The presentation was called "Getting Physician Buy-in." But TEPR Conference participant Tushar Shah, MD, a partner in a three-physician pediatric practice, wasn't buying. Shah went to last week's event in Dallas in search of an electronic medical record system for his small group, which is based in Abilene. He was one of one some 200-plus people who jammed into the session, which targeted small physician practices. So many participants crowded the presentation that event organizers halted it abruptly in mid-stream to move to a larger room.
They heard Paul Schadler, MD, describe how his 11-physician practice struggled through its EMR journey, which began five years ago. Unlike some EMR advocates, who are basically preaching to the IT choir, Schadler gave a warts-and-all account of his group's experience. The EMR, he said, is a "dramatic work change" for physicians, one that creates "more work." According to Schadler, much of the work in the paper-based practice shifts directly to the physician in the electronic world. "They billed, now you bill," he said.
Despite his apparent skepticism about the merits of an office practice EMR, Schadler went to lengths to explain that in the long run, automation is worth it. Along the way, he dispelled some common EMR notions, such as the value of capturing discrete data, which can subsequently be searched and analyzed. Schadler labeled it a "fantasy" that somehow the reams of data in a physician practice would ever be monitored.
For Shah, however, the short-term fantasy is buying an EMR. He praised the presentation, but wondered aloud how his practice could ever afford the software. Later, Shah and I caught up on the exhibit hall floor. Nowhere near as big as the HIMSS show, TEPR lends itself to such impromptu networking. Like the majority of small physician practices, Shah's group uses a computerized practice management system for billing and scheduling.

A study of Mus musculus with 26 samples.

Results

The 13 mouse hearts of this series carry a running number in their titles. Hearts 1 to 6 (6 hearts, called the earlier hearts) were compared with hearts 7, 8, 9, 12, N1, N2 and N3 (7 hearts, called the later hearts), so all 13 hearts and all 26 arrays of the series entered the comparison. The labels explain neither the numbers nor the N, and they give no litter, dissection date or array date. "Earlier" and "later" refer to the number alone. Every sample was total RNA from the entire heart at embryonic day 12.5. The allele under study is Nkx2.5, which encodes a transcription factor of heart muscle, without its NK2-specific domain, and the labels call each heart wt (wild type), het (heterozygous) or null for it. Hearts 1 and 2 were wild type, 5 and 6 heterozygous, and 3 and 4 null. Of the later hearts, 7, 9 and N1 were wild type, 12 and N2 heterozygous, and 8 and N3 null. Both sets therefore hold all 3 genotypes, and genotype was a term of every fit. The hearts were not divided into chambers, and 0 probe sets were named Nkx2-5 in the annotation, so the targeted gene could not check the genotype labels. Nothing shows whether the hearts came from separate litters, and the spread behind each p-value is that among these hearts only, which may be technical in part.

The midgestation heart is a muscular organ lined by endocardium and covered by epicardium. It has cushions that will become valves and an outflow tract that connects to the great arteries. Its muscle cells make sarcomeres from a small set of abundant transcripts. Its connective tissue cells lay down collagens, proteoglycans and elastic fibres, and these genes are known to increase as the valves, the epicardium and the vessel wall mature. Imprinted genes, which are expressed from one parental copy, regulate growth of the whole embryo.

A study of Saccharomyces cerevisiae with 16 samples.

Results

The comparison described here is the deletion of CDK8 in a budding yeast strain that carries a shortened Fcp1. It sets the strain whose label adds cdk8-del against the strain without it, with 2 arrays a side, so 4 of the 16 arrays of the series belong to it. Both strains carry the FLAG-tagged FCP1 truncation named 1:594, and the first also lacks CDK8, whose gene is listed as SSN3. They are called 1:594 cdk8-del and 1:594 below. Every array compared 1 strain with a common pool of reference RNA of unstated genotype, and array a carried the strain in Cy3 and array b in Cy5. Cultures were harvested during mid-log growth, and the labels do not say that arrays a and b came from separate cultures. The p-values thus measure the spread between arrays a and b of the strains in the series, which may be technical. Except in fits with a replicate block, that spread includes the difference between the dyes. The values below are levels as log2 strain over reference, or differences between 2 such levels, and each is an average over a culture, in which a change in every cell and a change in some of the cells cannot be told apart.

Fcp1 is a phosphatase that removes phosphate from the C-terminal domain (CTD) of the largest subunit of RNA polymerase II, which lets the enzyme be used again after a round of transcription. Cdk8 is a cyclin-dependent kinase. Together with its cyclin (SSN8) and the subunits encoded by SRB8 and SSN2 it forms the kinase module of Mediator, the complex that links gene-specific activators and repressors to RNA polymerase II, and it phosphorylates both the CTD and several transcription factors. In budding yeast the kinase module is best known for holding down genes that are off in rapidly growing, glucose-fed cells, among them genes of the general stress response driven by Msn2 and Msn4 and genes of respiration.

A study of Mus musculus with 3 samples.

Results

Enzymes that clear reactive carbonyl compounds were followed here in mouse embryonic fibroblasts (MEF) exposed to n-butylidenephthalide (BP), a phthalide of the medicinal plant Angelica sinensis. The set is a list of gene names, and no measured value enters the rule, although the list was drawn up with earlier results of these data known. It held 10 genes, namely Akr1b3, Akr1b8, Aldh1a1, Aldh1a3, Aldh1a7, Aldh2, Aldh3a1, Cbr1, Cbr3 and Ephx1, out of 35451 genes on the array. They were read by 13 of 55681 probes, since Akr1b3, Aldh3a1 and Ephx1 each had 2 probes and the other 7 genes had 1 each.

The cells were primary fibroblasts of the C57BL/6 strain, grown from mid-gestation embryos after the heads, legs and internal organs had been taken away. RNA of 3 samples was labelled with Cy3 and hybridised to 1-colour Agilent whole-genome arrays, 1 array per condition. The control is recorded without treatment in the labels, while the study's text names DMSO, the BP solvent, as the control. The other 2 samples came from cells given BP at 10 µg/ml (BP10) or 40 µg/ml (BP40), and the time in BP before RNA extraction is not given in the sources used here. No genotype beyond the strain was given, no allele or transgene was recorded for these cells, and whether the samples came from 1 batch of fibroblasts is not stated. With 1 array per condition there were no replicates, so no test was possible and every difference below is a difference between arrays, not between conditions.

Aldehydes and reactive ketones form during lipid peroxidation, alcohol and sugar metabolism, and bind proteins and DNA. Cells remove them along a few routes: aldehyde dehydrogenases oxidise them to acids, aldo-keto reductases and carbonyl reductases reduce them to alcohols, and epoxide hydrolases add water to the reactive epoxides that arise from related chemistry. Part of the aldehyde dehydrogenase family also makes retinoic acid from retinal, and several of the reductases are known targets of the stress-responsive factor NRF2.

It's been in place for years. He's not too keen about yanking it out to buy a one of the new "hybrid" practice management/clinical documentation systems on the market. But there's more to it than that. A pediatric practice can't afford to shell out the money for software whose financial benefit would be dubious at best. Shah has scoured the market, and figures that an EMR package would easily be a six-figure investment.
His is a common dilemma. Physician offices would love to automate, but they perceive that the financial benefits accrue to others. During the question-and-answer portion of Schadler's talk, Shah volunteered a solution. If a physician implements an EMR, then they should be paid for the initial encounters as new patient visits, which reimburse at a higher level. Even though the patient in reality may be an established one, in essence a newly automated practice would have to act as if they were being treated for the first time.
If any payers were in the audience, they didn't respond to Shah's idea. The exchange distilled one of the biggest issues facing the industry, however. A subsequent presentation, by Ric Smith, director of operations at New York Heart Center, revealed that physicians taking the EMR plunge can benefit financially. In Smith's case, the center has seen referrals go up 18 percent, primarily because the electronic documentation system makes it easier to dispatch records to the requesting physicians. And Schadler pointed out that physician productivity can improve once the practice adjusts to the new workflows.
One thing's for sure. The decisions made by physicians like Shah in the years ahead will have enormous impact on the industry's ability to expand the IT choir. Is the industry listening?
Gary Baldwin is technology editor of HealthLeaders magazine. He can be reached at email@example.com.